A council of the Tokyo Metropolitan Government reported to Gov. Yuriko Koike on Tuesday that the metropolis should ban and penalize the act of encouraging children to send selfies online to protect them from falling prey to child pornography.
The metropolitan government will begin the process of amending a relevant ordinance after consulting with the central government about the details of the envisioned penalties. It would be the first ordinance in the country that bans selfie solicitations, according to the local government.
“Once an image gets circulated on the internet, it will be unrecoverable. I want to tackle the ordinance amendment without delay,” Koike said upon receiving the report.
In the report, the council calls for amending the Ordinance for the Sound Development of Youth so encouraging children to send their selfies online despite their refusal or intimidating them into doing so will be banned and penalized.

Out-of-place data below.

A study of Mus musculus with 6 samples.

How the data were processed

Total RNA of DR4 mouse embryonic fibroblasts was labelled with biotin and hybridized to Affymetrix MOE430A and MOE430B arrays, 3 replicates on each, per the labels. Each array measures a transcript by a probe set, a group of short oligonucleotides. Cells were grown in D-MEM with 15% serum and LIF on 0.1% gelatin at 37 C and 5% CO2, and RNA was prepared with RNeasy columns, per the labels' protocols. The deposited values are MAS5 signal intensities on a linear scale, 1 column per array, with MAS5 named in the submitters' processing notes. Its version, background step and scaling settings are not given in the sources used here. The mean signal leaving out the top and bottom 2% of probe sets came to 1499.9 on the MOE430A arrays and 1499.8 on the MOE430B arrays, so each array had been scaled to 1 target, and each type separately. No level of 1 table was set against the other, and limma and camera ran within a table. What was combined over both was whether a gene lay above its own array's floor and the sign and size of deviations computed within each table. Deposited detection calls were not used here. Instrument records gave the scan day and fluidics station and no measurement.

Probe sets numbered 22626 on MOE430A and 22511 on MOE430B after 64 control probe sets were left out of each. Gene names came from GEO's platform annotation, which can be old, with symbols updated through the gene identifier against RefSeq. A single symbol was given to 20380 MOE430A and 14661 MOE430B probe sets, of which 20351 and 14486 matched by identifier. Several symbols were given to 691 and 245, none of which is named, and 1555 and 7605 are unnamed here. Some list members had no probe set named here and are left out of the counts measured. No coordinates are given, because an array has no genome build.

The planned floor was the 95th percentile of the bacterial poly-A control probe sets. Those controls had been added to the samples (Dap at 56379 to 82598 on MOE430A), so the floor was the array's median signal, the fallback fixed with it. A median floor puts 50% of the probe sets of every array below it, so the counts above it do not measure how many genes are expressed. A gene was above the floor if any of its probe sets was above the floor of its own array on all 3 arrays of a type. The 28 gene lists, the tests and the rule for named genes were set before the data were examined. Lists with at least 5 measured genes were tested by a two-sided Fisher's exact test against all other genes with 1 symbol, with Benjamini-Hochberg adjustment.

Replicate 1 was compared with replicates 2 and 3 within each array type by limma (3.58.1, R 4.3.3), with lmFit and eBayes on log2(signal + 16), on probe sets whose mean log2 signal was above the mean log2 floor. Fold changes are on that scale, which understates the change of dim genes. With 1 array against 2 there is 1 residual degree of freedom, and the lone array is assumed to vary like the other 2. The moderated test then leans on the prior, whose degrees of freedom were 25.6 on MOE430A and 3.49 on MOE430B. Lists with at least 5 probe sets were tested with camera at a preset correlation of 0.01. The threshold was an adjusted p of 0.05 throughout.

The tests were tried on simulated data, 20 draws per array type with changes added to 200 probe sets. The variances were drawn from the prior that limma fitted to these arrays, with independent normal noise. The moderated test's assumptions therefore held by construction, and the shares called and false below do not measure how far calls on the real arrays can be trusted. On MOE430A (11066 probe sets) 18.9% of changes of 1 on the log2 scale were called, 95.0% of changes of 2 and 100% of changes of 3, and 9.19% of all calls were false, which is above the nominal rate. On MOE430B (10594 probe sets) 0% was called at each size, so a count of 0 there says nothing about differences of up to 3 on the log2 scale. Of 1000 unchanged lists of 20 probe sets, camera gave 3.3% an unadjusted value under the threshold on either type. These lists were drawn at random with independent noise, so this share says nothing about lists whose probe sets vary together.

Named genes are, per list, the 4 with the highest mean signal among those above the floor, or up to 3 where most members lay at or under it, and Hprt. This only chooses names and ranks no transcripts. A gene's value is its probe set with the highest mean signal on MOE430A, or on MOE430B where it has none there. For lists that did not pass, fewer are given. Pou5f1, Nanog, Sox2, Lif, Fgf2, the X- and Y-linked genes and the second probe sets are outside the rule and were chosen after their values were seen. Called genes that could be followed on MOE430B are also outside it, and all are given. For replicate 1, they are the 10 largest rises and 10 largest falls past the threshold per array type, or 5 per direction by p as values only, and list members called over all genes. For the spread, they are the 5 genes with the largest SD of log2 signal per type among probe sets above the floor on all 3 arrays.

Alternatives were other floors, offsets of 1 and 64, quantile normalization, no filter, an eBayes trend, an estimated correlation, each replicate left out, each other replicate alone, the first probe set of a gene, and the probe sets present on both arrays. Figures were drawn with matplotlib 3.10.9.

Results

The report noted that an increasing number of children have become victims of nude selfies every year, and that their cases have come to account for some 40 percent of the child pornography cases on which police have taken action across the country.
Nevertheless, the current child pornography law, due partly to its lack of provision to punish attempted offenses, does not sufficiently keep children from sending images of themselves, the report said.
The envisioned ban and penalties would also apply to those who live outside Tokyo but who encourage children living in Tokyo to provide their selfies, according to the report.
The National Police Agency said in March that the number of cases of child abuse and pornography in Japan reached record highs in 2016, with those who were tricked or coerced into sending their nude photos numbering 480, or 36.6 percent of the total victims.
Around 80 percent of those who sent their nude images online did not know their solicitors, and over 70 percent got to know them through social media sites, the agency report said.